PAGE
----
NEWS


Incumbent wins close SG election

Better Slate Than Never emerged as the newly elected executive slate on Wednesday night, giving current SG president Robert Hubbard a rare second term.

Nina Chihambakwe, the chair of the Elections and Rules Committee, made the announcement at the SG Election Night Press Conference and Celebration in Hutch Commons. Better Slate Than Never garnered 608 votes, the Doomsday Party and the Moose Party received 507 and 230 votes respectively.

Hubbard told the Maroon after the celebration that he would not answer questions. Phil Caruso, who will be vice president for administration, also told the Maroon he would not answer questions, saying he was offended by the newspaper's unenthusiastic endorsement of the slate in an unsigned editorial ("Better Slate Than Nothing," 4/22/05).

Lola Thompson, the vice president for student life, however, was willing to comment. She said Better Slate than Never was excited and looking forward to the next year, and was impressed by the campaign efforts of the Doomsday Party, who had only about 100 votes fewer than the winning slate.

Thompson said the slate plans to concentrate on their campaign pledges. "We plan to focus on improving campus safety by reforming the drunk van service (and possibly opening up the job to student drivers) and by working with the transportation committee to come up with a solution to the CTA cuts," she said. "We want to encourage more communication on campus and we plan to do this by hosting faculty-student discussions of important campus issues and by holding workshops to help RSO leaders to better take advantage of campus resources." Thompson also suggested allowing students to use money placed on UCIDs for student-run coffee shops and installing plasma screen TVs to monitor buses at the Reynolds Club, as goals.

The Moose Party was upbeat during the press conference, despite having failed to win a single election in the last 11 years. Party members extended an invite to the Moose Party "Victory Celebration" at the Delta Upsilon fraternity house, as they feasted on the cake and sparkling grape juice provided by ORCSA.

"It's rigged by the Commies," said Noah Yavitz, the Moose Party vice president for student life. "We will be planning at our party on Friday to overthrow the socialists and reinstate the imperialists. When the revolution comes, the streets will be running with blood and other alcoholic liquids and it will be full of people not wearing pants."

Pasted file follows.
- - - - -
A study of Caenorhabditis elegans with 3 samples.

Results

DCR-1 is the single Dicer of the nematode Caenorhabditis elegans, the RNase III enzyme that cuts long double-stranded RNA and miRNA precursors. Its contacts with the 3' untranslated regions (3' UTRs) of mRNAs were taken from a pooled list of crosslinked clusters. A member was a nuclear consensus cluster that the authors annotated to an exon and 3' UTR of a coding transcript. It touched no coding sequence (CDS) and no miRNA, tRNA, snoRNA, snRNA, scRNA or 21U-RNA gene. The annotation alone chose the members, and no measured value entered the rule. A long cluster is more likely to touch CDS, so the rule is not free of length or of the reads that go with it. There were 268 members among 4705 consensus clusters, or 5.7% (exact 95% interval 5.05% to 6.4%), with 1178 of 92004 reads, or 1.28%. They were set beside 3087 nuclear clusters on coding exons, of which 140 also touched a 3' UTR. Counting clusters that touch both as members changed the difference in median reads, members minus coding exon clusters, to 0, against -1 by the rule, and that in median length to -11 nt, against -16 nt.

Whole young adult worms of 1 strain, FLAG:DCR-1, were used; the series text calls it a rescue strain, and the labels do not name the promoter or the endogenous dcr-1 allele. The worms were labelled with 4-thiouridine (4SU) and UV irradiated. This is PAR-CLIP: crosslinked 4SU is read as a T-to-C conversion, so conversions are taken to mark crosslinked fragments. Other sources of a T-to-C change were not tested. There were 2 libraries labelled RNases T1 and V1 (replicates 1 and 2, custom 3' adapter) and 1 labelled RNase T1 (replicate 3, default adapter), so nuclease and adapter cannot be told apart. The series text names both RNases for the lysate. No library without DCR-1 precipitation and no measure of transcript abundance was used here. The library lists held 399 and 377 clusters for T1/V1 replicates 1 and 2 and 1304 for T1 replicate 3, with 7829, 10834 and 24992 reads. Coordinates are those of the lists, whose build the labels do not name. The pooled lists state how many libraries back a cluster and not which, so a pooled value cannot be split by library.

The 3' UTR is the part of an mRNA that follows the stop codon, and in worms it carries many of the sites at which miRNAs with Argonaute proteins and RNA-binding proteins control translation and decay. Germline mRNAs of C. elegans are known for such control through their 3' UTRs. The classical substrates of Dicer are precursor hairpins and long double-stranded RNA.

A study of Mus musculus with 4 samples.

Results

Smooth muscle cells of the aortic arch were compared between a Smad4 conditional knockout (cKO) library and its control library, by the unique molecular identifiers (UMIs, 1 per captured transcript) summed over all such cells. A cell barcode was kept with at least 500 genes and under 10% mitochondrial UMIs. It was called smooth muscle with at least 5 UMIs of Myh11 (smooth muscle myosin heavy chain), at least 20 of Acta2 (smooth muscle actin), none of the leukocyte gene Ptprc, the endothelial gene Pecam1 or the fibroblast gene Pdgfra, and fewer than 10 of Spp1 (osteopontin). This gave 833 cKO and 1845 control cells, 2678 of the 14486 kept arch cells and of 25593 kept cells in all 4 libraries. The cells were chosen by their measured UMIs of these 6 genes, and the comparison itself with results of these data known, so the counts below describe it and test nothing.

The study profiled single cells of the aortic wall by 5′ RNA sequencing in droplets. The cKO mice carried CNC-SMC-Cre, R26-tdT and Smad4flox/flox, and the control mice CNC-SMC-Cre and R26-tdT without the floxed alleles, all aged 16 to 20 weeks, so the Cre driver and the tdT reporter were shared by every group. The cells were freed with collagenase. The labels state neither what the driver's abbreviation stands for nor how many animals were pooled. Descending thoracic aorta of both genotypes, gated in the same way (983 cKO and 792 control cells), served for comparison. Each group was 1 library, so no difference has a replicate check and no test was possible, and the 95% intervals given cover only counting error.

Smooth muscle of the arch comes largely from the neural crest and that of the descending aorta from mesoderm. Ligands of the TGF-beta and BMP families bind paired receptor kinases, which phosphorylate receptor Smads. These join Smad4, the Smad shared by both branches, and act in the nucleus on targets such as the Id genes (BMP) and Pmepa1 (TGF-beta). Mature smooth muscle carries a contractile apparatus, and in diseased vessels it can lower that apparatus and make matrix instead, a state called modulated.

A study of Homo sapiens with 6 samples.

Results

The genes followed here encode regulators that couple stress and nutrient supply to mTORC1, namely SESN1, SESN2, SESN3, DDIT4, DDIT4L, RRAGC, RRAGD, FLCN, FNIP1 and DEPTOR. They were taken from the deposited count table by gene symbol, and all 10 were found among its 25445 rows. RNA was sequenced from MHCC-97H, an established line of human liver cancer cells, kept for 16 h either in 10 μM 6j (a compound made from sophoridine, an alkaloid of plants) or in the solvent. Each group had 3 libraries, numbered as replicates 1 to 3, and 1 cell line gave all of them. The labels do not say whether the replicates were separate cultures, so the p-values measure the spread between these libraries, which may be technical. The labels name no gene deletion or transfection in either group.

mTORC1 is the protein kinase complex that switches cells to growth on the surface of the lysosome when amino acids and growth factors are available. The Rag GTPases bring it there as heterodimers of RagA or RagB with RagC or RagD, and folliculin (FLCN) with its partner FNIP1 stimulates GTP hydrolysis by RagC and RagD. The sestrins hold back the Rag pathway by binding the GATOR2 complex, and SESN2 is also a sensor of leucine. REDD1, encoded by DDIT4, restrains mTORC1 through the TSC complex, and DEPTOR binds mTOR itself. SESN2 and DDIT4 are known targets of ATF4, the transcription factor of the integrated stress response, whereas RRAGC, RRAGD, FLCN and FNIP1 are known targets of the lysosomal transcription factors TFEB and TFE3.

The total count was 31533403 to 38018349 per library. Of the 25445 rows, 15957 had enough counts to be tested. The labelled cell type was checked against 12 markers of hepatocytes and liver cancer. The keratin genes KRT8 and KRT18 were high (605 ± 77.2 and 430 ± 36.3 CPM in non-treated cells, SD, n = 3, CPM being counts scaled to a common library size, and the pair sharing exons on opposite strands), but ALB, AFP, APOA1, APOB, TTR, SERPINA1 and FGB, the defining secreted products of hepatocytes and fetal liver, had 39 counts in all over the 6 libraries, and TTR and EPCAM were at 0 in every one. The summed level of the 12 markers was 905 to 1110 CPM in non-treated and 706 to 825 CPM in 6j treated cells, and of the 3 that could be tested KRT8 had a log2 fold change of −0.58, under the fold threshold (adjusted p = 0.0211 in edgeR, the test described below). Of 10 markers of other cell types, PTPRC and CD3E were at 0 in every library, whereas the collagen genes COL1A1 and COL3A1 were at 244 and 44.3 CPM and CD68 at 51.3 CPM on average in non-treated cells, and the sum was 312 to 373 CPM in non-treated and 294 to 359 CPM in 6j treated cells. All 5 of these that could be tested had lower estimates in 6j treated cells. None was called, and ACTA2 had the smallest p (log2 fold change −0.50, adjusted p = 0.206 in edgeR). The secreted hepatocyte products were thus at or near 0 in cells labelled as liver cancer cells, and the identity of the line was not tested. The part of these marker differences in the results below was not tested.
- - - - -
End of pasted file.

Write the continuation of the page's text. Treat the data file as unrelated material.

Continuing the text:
In a tightly competitive race for the undergraduate student liaison for the Board of Trustees position, Ben Walsh, a third-year in the College, won with 480 votes. In second place was second-year Daniel Kimerling with 325 votes followed by Alex Stepick, also a third-year, with 285 votes. Political science graduate student Anne Harrington ran unopposed for graduate student liaison.

During the celebration, Walsh said that his first priority was scheduling a meeting with Bill Michel, the vice president for student life in the College, and Harrington and then getting in contact with the trustees to facilitate better student accessibility to the board.

Walsh said his agenda includes improving transportation and facilities services and healthcare. "Transportation is important; it's an issue for both undergraduates and graduates who live off-campus," he said. "And then there are health care issues, such as the health insurance policy for graduate students, but also health care services such as the [Student Care Center]. In addition, there's facilities, which need to be improved for a growing campus."

Walsh said he was glad that there was a close race for liaison and congratulated his fellow candidates for their hard work. According to Walsh, the competition showed students had an interest in who was going to represent their interests to the board.

Approximately 1,400 students cast a ballot, almost 1,000 votes fewer than last year's voter turnout. Students during the 2004 election witnessed more campaigning with a bombardment of fliers, handouts, and chalkings from the four slates running that year.

Michel, who was on-hand for the celebration, said he was looking forward to working with all the winners to concentrate on issues addressed during the election.

"One of the things that is good about elections is the issues it brings about to address," Michel said. "I hope the newly elected officials will be able to bring up these issues that were brought up during the debates."

Michel said that, as he understands it, Better Slate Than Never wants to review and improve the process the Finance Committee (SGFC) uses to allocate funds, and hopes that the new slate will work hard with student leaders to put together a number of events.

The issues of inaccesbility and student apathy toward SG that arose during the debate were also noticeable during the press conference. The SG celebrants occupied a small corner of Hutch while the majority of students in the Commons appeared oblivious to the gathering.

Tim Husson, a third-year in the College, came to Hutch to do some work 15 minutes after the celebration started. Husson, who did not vote during the election, said he did not know the SG results had been announced, but that he would not have cared.

"I'm not convinced SG affects my daily life," Husson said. "I don't see a purpose for it. Perhaps there is one, I just don't know."